Thiruvananthapuram: One video that trended on social media in Kerala recently was that of hundreds of workers from other states getting off a train at the Aluva railway station in the outskirts of the state’s commercial capital, Kochi.

Keralites are only too aware of the presence of tens of thousands of workers from outside the state over the past two decades. The video only refreshed and reinforced the seemingly unending trend in the state of workers from northern states, particularly the eastern and north-eastern states, forming the bulk of Kerala’s blue collar workforce.

Migrants’ own country

What began as a trickle about two decades ago, has ballooned into an unstoppable flow of workers into the state, presently estimated to be around 3 million plus. In other words, the number of workers from outside is inching towards a tenth of Kerala’s population of roughly 35 million.

3million


migrants from various parts of India currently work in Kerala.

The reason for such large inflows of workers into the state is seen as a result of high cost of manual labour in Kerala. Daily wages in Kerala are far higher than those in northern states, which makes Kerala a magnet for tens of thousands of workers.

For comparison, this month the Odisha government hiked daily wages of unskilled workers from Rs 315 to Rs 326, semi-skilled workers from Rs 335 to Rs 366, skilled from Rs 405 to Rs 416 and highly skilled workers from Rs 465 to Rs 476. In stark contrast, in Kerala even unskilled workers get paid upwards of Rs 500 per day, going up to Rs 1,000 and more for certain skilled jobs.


Outnumbered at home

A study sponsored by the Kerala State Planning Board and released last year put the number of migrants from other states at 3.14 million in 2017-18, and estimated that the workforce from outside and their families would likely cross 4.5 million in 2025 and inch towards 6 million by 2030, going by the current rate of immigration.

For a state like Kerala whose population is seen to be plateauing, that would mean the workforce from outside will be nearly a fifth of the population, and migrants would outnumber the younger population of the state.

Rs 500


is the minimum amount an unskilled worker earns per day in Kerala.

The likelihood of Kerala’s local population increasing is highly unlikely given the state’s falling fertility levels. The total fertility rate per woman in Kerala was 4.1 children in 1971, which has currently fallen to below 2 children, or below replacement level.

Outmigration issue

Within India, Kerala is also unique for the large number of outmigrants from the state. Roughly 3 million Keralites are estimated to be working in the Gulf countries, another 2 million in the rest of the world and about 5 million in other states of India, adding up to about 10 million Keralites working and living outside the state.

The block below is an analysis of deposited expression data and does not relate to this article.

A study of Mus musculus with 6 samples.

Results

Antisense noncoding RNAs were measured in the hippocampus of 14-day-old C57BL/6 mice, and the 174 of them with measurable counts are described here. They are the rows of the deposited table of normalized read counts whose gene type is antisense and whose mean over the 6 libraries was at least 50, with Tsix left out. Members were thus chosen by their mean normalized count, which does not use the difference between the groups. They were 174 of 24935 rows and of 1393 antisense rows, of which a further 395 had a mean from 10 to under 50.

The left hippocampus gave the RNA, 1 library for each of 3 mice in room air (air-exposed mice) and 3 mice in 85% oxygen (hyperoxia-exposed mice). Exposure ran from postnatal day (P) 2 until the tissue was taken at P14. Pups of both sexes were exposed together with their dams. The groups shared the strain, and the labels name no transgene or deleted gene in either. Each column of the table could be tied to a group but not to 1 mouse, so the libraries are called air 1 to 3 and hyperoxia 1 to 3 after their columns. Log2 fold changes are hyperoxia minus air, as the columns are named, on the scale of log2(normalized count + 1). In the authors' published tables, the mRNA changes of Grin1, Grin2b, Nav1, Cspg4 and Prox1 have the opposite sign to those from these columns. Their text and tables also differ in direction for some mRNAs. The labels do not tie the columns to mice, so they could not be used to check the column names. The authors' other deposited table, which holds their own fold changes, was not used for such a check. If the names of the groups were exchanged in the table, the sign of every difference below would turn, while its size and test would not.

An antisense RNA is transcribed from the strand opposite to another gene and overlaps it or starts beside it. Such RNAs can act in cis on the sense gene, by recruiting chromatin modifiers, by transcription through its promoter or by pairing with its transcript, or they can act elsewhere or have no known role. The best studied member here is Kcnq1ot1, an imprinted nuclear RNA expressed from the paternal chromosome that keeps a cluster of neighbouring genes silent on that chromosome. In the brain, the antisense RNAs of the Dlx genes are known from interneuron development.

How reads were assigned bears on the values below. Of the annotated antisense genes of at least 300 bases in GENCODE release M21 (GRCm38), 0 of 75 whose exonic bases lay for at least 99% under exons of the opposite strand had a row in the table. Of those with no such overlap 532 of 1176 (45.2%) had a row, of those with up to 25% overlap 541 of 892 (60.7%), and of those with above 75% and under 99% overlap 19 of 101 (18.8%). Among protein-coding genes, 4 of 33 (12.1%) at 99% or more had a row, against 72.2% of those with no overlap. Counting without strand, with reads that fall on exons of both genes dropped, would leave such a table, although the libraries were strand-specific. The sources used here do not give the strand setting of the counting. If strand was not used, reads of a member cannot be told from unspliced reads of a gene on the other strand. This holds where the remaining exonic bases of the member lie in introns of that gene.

Such a large vacuum created by significant numbers of educated young men and women exiting the state for studies or work would naturally lead to demographic issues that Kerala is currently facing.

The shortage of hands has led to a steep rise in labour costs in Kerala, where local workers who mostly have higher educational qualifications than is required for the jobs they handle demand high wages. The past two decades have thus seen an immigration of workers from other states, mostly from Bengal, Assam, Odisha and Jharkhand. Their numbers have swelled so much in some pockets like Perumbavur that there are bus boards in Hindi, and shopkeepers across the state have begun speaking to their customers from outside the state in broken Hindi.

High-wage logic

Unlike popular perception of high wages being the norm across workplaces in Kerala, the fact is that remuneration for executive jobs in the state are comparable to those in other states. In many cases, given that Kerala has only a few large corporates, private sector jobs in Kerala earn modest remunerations.

It is therefore in the lower rungs of labour that there exists a worker shortage and a high wage prevalence.

“Keralites have to only work for four and a half days in some countries to make more money than they earn working a full week here. And it even gives them some savings”, Asheen Panakkat, managing director of Nanma Properties, a real estate firm of Kochi-based Meeran group told Gulf News, about why Keralites prefer to work abroad, thereby making labour in the state dear.

Ashok Mani, CEO of Intergrow Brands which owns brands like Kitchen Treasures and Sprig, says much of the reason for high wages in the non-executive worker category in Kerala has to do with the strict adherence to the labour laws.

“Labour laws are strictly implemented in the state and there is high awareness among labour about their rights”, Mani told Gulf News.

Not ready for peanuts

With their traditional exposure to jobs abroad and their awareness about opportunities in other countries gleaned from NRI family members, Keralites prefer to work abroad for big money, leaving blue collar jobs to workers from other states. The latter are happy, earning anything between Rs 450 – Rs 900 a day, compared to the daily wage of about Rs 300 in many eastern Indian states.

So the inbound traffic of workers into Kerala from other states continues unabated, who take up jobs from road work to welding to painting and working on the farms.

A recent troll sums up the situation in Kerala: The Keralite says there’s no work at home; the migrant worker says there’s so much work that he can’t go home.